San Francisco: End SFPD's Illegal Use of Private Cameras to Spy on Protesters.
San Francisco residents should be free to protest without the government spying on them with a vast network of private surveillance cameras.
Whether on their own, or working with private entities like the Union Square Business Improvement District, police focus their digital gaze on our community's Black residents, other ethnic minorities, migrants, religious minorities, and the poor. San Francisco's Stop Secret Surveillance Ordinance was adopted to address this concern. The San Francisco Police Department (SFPD) is not above the law. Tell your Board of Supervisors to stop the SFPD's use of private cameras.
The threat of police exploiting surveillance technology to spy on people exercising their First Amendment rights was a primary motivation for San Francisco's Board of Supervisors passing 2019's groundbreaking Stop Secret Surveillance Ordinance. Less than a year later, SFPD's violation of this common-sense process for transparency, accountability, and stakeholder engagement underscores just how critical these values are to preserving essential freedoms.
The Stop Secret Surveillance Ordinance is straightforward: it requires public notice, responsible use policies, an assessment of how surveillance technology will impact already marginalized segments of the community, and annual reporting on approved technologies. After hearing from a broad segment of the community, San Francisco's Board of Supervisors passed the Stop Secret Surveillance ordinance with overwhelming Board support. It also bans city use of face recognition technology.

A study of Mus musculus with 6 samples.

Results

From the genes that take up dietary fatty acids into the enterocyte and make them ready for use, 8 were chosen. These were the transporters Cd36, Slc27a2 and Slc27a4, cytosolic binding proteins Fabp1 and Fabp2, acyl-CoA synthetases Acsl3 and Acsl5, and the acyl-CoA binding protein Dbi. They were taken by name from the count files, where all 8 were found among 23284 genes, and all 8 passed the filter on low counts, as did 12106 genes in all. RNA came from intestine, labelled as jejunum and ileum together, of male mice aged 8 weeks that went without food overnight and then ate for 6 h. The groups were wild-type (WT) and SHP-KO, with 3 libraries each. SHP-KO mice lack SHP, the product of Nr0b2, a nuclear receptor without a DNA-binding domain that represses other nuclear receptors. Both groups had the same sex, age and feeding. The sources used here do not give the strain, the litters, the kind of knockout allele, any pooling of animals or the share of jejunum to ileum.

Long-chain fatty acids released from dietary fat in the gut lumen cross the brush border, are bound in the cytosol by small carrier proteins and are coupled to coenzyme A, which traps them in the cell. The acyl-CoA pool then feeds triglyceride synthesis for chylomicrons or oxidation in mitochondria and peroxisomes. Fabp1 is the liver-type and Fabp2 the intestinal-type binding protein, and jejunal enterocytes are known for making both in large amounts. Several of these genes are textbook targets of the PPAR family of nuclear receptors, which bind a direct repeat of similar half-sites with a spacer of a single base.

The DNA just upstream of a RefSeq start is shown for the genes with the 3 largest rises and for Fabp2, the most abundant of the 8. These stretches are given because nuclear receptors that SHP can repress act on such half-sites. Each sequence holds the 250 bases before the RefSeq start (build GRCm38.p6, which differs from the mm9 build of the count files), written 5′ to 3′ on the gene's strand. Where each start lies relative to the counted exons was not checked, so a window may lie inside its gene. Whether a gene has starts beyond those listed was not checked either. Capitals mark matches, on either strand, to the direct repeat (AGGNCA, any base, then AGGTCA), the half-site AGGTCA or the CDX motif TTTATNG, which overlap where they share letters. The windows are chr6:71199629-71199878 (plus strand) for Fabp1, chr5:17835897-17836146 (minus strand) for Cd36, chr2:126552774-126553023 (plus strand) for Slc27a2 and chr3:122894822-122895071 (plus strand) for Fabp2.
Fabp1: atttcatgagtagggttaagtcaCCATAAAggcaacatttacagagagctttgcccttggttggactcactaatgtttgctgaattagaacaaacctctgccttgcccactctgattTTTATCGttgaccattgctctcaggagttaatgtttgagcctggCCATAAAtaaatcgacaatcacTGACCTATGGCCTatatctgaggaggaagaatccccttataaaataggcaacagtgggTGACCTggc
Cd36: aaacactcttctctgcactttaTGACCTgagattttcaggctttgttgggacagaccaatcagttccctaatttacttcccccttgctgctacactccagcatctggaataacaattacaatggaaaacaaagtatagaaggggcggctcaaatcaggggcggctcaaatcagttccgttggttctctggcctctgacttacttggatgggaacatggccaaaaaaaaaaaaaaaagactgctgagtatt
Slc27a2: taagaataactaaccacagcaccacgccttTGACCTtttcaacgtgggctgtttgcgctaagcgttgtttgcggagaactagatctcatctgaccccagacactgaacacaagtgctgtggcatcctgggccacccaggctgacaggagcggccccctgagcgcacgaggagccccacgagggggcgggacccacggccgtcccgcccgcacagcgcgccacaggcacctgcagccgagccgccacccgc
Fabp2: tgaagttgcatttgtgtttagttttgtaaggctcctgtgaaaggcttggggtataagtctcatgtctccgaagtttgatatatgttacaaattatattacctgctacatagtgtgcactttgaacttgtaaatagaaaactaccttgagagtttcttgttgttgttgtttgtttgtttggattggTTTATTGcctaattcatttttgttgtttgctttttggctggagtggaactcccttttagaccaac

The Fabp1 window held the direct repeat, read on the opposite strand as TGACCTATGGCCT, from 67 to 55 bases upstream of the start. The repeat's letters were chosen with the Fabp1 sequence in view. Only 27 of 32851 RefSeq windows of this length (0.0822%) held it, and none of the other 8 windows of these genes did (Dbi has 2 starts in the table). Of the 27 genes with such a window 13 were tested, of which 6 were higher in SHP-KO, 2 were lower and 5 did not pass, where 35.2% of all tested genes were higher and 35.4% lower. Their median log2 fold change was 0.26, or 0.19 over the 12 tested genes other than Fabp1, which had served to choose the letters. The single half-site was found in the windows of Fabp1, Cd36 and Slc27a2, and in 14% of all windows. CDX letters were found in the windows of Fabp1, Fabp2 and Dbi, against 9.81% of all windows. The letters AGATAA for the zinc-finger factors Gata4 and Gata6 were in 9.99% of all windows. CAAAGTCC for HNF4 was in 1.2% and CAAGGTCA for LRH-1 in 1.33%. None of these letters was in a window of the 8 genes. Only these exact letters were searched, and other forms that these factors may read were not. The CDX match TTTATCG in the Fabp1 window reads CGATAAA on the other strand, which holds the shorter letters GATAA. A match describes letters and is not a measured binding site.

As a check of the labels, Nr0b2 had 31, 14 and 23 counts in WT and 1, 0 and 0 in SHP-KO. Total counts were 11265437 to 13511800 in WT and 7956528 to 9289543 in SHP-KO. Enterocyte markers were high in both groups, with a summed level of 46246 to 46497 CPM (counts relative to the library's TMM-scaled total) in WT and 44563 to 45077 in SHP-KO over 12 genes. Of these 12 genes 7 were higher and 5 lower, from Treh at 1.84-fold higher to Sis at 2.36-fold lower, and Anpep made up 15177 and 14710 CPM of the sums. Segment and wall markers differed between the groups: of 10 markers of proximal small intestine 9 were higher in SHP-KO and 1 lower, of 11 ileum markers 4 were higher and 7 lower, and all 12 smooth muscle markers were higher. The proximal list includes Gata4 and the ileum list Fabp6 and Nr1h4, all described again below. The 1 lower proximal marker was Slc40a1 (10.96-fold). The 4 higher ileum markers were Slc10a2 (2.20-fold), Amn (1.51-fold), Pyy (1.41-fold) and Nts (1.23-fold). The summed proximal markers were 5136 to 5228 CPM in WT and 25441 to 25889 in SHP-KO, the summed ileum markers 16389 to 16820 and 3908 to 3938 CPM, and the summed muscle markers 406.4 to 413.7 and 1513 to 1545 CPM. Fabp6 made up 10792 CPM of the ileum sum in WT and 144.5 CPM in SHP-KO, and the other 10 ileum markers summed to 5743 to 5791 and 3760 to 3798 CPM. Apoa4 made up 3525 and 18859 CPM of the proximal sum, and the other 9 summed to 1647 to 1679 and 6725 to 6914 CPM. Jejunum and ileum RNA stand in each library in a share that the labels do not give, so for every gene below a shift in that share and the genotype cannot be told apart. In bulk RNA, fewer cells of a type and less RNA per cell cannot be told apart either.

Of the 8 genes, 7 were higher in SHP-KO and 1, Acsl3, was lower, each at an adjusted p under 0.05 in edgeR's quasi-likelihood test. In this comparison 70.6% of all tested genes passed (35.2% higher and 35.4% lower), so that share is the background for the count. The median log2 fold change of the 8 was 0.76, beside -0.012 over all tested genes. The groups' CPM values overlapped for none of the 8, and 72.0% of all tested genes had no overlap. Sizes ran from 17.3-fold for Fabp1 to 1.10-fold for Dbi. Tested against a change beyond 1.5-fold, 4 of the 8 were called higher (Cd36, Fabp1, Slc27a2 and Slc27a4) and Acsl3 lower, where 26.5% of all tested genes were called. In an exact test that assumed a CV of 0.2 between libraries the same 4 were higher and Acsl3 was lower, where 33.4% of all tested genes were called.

As thousands took to the streets in protest of racist, anti-Black police violence, the San Francisco Police Department chose to violate the City's Surveillance Technology Ordinance and the Board of Supervisors' authority and control over surveillance decisions in San Francisco. From May 31 to June 7, SFPD established real-time access to the Union Square Business Improvement District's privately-owned camera network — demonstrating the lawlessness and lack of accountability protesters were demanding be addressed.
Now is the time for the Board of Supervisors to ban city use of private networks of surveillance cameras. We’ve just seen the SFPD violate the existing ordinance by using such networks against Black-led protests. In doing so, the SFPD invaded the privacy of protesters, targeted people of color, and discouraged further protests.
Perhaps more than any other moment in our lifetimes, public safety demands trust between community members and the agencies sworn to keep them safe. Police lawlessness and high tech surveillance further erode the frayed fabric of our collective accountability. Call on your Board of Supervisors to take action today.